Review of Yes, I Could Care Less: How to Be a Language Snob without Being a Jerk, by Bill Walsh
One of the surprises I encountered when I began not only editing but paying attention to other editors, e.g., through social media and their writing, was that there are celebrity editors. I’m not sure how well known they are outside the editing world—especially since I didn’t know of them until I was in the editing world—but their names are familiar sources to cite in discussions of style and in the ongoing conflict between prescriptivists and descriptivists. Unsurprisingly, they’re editors who write, whether that writing is done in books, in blogs, or just on Twitter.
Shortly before I attended this year’s ACES conference, I had purchased Bill Walsh’s Yes, I Could Care Less: How to Be a Language Snob without Being a Jerk but hadn’t started reading it yet, so I was pleased to discover that he was attending the conference himself and giving a presentation the first night. I was going to see a celebrity editor!
The fun part about Yes, I Could Care Less is that you get even more of a look into communications among celebrity editors. The first chapter contextualizes Walsh’s particular level of being particular, in comparison with other people who write about language and its evolution, lack thereof, and right thereof. If I didn’t already know these conversations took place, though, I probably would have been a little lost.
It was also a challenge to nail down where on the peeve spectrum Walsh lies, especially because he seems to be more of a stickler than I had perceived from his ACES talk. (If there were a Kinsey scale for grammatical sticklerism, where 0 denotes no sticklerism at all and 6 is full-on peever, I’d have guessed he was a 3, but the book makes him more of a high 4 to 5.)
He describes his aim, at an rate, to be to “explore what I care about (and hope you do, too), what I don’t care about (and think you shouldn’t either) and why” (p. 3). And although he professes in that sentence to wish everyone had the same standards he has, he also suggests “be[ing] your own stylebook” (p. 68). His biggest peeves are with wishy-washiness, a lack of reason behind style choices, and (true to copyeditors all over) lack of consistency.
The above discussion of peevers and sticklers and pre-de-sub-scriptionists is contained in a section called “In Theory,” following which, quite naturally, is “In Practice.” This, I felt, was the strongest part of the book.
“In Practice” contains the tips, suggestions, and context for how to apply your specific level of sticklerism. This was the most useful part of the book, with fewer rules and more guidelines. For instance, although the chapters contain a fair number of concrete examples, the overarching strategies for addressing them provide a more memorable takeaway than whether “different than” is one of Walsh’s peeve points (it isn’t). The concept of “tiny acts of elegance,” meanwhile, is something any editorially minded reader (whether an actual editor or not) would find means of applying.
“Tiny acts of elegance” is a reminder that sometimes elaborate style rules don’t result in readable, comprehensible prose as well as simpler alternatives. This doesn’t always mean the fewest keystrokes (p. 121); it just means that the cleanest result probably won’t look like it was edited at all.
The other weapon of a true ninja editor is the ability to assess not only the current text you’re working with but the text that your style choices now might affect later on. Everyone’s favorite helper punctuation mark, the hyphen, features prominently in this section. You write “light-blue jacket,” he suggests, not because there is any ambiguity in the unhyphenated color of a jacket but to allow yourself to refer to a “light[weight] blue jacket” later, if you choose to do so (example on p. 160). While Walsh feels strongly about this hyphenation strategy, what I like best about it is that it can be put in one’s editorial arsenal but then used at one’s discretion. There might be a context in which both meanings of “light blue jacket” are used, with neither hyphenation nor ambiguity. And if I trust my context to do the hyphen’s work, maybe that will end up being the tiny act of elegance appropriate for that piece of text.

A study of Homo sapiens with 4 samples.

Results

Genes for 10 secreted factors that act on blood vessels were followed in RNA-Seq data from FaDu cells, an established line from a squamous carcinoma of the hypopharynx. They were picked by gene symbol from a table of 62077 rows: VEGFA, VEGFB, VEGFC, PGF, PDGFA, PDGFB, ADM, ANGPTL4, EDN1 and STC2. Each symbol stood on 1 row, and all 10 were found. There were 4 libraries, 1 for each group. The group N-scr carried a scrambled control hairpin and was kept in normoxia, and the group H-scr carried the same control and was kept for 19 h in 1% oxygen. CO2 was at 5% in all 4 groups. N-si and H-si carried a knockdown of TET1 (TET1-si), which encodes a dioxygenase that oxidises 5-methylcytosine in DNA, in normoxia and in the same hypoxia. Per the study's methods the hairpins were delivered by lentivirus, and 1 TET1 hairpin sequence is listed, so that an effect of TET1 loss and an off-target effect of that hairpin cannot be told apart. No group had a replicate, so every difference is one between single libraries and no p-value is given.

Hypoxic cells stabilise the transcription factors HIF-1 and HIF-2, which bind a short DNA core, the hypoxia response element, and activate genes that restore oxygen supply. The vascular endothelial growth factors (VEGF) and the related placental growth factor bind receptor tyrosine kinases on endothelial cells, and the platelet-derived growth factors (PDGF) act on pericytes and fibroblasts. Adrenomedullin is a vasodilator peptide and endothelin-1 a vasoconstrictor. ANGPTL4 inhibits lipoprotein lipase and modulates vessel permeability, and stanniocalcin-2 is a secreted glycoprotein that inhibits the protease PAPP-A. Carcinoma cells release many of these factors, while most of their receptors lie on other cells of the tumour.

The section that had me alternately nodding and shaking my head was “The Curmudgeon’s Stylebook,” a 70-page glossary of common usages that range from error to peeve (of Walsh’s) to somewhat even-handed controversy. (One of these, in fact, is the “false range,” a peeve embedded in the entry on whether that I have just unapologetically violated. I can see why it bothers him to toss around “random titles . . . in an attempt to convey the idea of ‘a wide variety,’” but I consider it an idiomatic way to say “including” while emphasizing the wide variety of exactly what you’re including. Nonetheless, I appreciate that he included it because I had not really thought about it before, and I’m likely to be more aware of it [and more sticklerish about it] when I’m editing formal writing, though I’ll continue to do it and to allow it in less formal writing such as in blogs.)
This seems designed to be the type of section that should have readers agreeing on one page and disagreeing on the next. Our tempers will flare up when talking about language use because we love language, and many of us live it. That passion and occasional irritation is a sign of life surrounding a subject that can keep us communicating effectively as long as we’re communicating about it.
I'm Lea, a freelance editor who specializes in academic and nonfiction materials. More info about my services is available throughout this site.